God help me, editing can be a painful process. Editing a lengthily, complex book (that has been edited several times already) can make you want to stab yourself in face with a soldering iron.
Characters who were removed on the third round of edits might poke their little heads out to fu@# your day in the eighth. You may come to find the escape route you so meticulously mapped out for your characters eleven months ago is as plausible as Trump getting into the White House. (WAIT A MINUTE–you mean that actually happened??) The groundwork for plotlines you thought of while working in later chapters must now be staged from the BLOODY beginning. Editing a book has become a task of flipping between pages to make sure that everything connects in a cohesive, well written (or even vaguely entertaining) story.
And, sometimes you open the file for Chapter 24 to find that every word is garbage. Did you actually write this, or did a small child with weak wrists hack into your computer and delete your glorious, errorless prose to replace them with this complete and utter trash?
Sometimes it seems like there is no hope.
Sometimes you might show your work to someone you respect. Sometimes they tell you it’s okay to give up and start something new.
And now you have permission.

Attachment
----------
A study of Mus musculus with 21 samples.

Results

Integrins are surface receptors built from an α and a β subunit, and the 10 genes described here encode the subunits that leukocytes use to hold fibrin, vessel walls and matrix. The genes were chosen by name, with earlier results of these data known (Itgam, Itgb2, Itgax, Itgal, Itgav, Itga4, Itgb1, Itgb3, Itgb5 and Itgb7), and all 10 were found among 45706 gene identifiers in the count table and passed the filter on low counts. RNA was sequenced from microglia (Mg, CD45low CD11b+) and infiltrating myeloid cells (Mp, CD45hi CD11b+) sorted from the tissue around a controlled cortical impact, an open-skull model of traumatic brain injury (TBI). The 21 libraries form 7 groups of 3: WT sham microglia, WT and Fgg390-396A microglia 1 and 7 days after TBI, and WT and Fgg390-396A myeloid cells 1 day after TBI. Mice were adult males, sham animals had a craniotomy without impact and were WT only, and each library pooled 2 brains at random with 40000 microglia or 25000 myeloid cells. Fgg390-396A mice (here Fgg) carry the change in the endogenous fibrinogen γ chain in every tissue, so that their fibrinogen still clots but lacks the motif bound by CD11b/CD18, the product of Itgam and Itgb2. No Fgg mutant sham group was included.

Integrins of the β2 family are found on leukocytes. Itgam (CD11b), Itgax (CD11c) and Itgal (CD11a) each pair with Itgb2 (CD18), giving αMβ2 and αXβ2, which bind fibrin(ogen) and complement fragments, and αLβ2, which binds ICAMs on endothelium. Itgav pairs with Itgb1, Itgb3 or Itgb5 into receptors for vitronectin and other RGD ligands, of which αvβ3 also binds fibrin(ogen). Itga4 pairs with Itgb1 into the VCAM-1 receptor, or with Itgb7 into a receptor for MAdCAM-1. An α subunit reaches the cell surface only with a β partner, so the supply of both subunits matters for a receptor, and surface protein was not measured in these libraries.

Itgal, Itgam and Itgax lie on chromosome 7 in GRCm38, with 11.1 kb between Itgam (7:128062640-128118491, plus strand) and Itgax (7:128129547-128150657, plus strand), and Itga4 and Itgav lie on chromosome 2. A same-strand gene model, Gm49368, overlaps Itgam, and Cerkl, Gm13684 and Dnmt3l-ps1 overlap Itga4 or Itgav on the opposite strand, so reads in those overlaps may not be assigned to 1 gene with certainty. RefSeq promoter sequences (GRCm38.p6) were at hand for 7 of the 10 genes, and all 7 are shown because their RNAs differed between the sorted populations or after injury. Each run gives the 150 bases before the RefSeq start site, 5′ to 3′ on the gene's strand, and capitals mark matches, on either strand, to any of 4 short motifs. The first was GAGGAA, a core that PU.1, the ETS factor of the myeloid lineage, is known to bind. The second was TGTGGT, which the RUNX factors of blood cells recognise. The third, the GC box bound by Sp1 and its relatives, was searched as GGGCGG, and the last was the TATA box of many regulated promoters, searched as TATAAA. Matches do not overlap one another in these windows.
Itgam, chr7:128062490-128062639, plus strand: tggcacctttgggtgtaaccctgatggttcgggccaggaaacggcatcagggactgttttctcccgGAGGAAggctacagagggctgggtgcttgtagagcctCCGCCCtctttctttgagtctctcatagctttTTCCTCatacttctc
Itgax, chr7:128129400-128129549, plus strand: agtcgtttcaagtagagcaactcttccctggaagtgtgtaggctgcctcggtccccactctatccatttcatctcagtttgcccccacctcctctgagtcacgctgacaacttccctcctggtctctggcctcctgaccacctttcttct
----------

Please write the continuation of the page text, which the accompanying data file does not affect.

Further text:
Now you may give up.
Let’s face it, kids. This is the hard part.
It’s important to remember that nothing worth doing is ever easy. And, because I am not-so-secretly actually talking about me, today I am reminding MYSELF that the only way a book gets written is word by word. Stephen King puts his pants on one leg at a time. The sun always shines after the rain. A diamond only forms with a lot of pressure. Yahda, yahda, yahda.
If you think you have found the book you truly want to write, the godforsaken TANGLE of yarn you want to weave into a story, be prepared to fight for it. And then, be prepared to find out that the only person you really have to fight for it is yourself: the side of yourself that is scared of a lot of effort . . . and the overwhelming possibility of failure.
It’s okay to take a break to write a blog (like this one), apply for a grant, read a book, attend a conference, and mess around on Twitter. They’re great ways to give your mind a rest. The human brain is an organ that often works like a muscle . . . right?
It needs rest days.
At least that’s what I’m telling myself.
So, (maybe) today I’m doing myself a favor. I’m taking a little time to recalibrate. After I come home from work and the kids are in bed, I may even drink.
Not that that’s a solution. But it makes me feel better. And tomorrow I’ll start writing again, one sentence at a time. ‘Cause love it or lump it, THIS is the stupid, complex, lengthily book I want to write.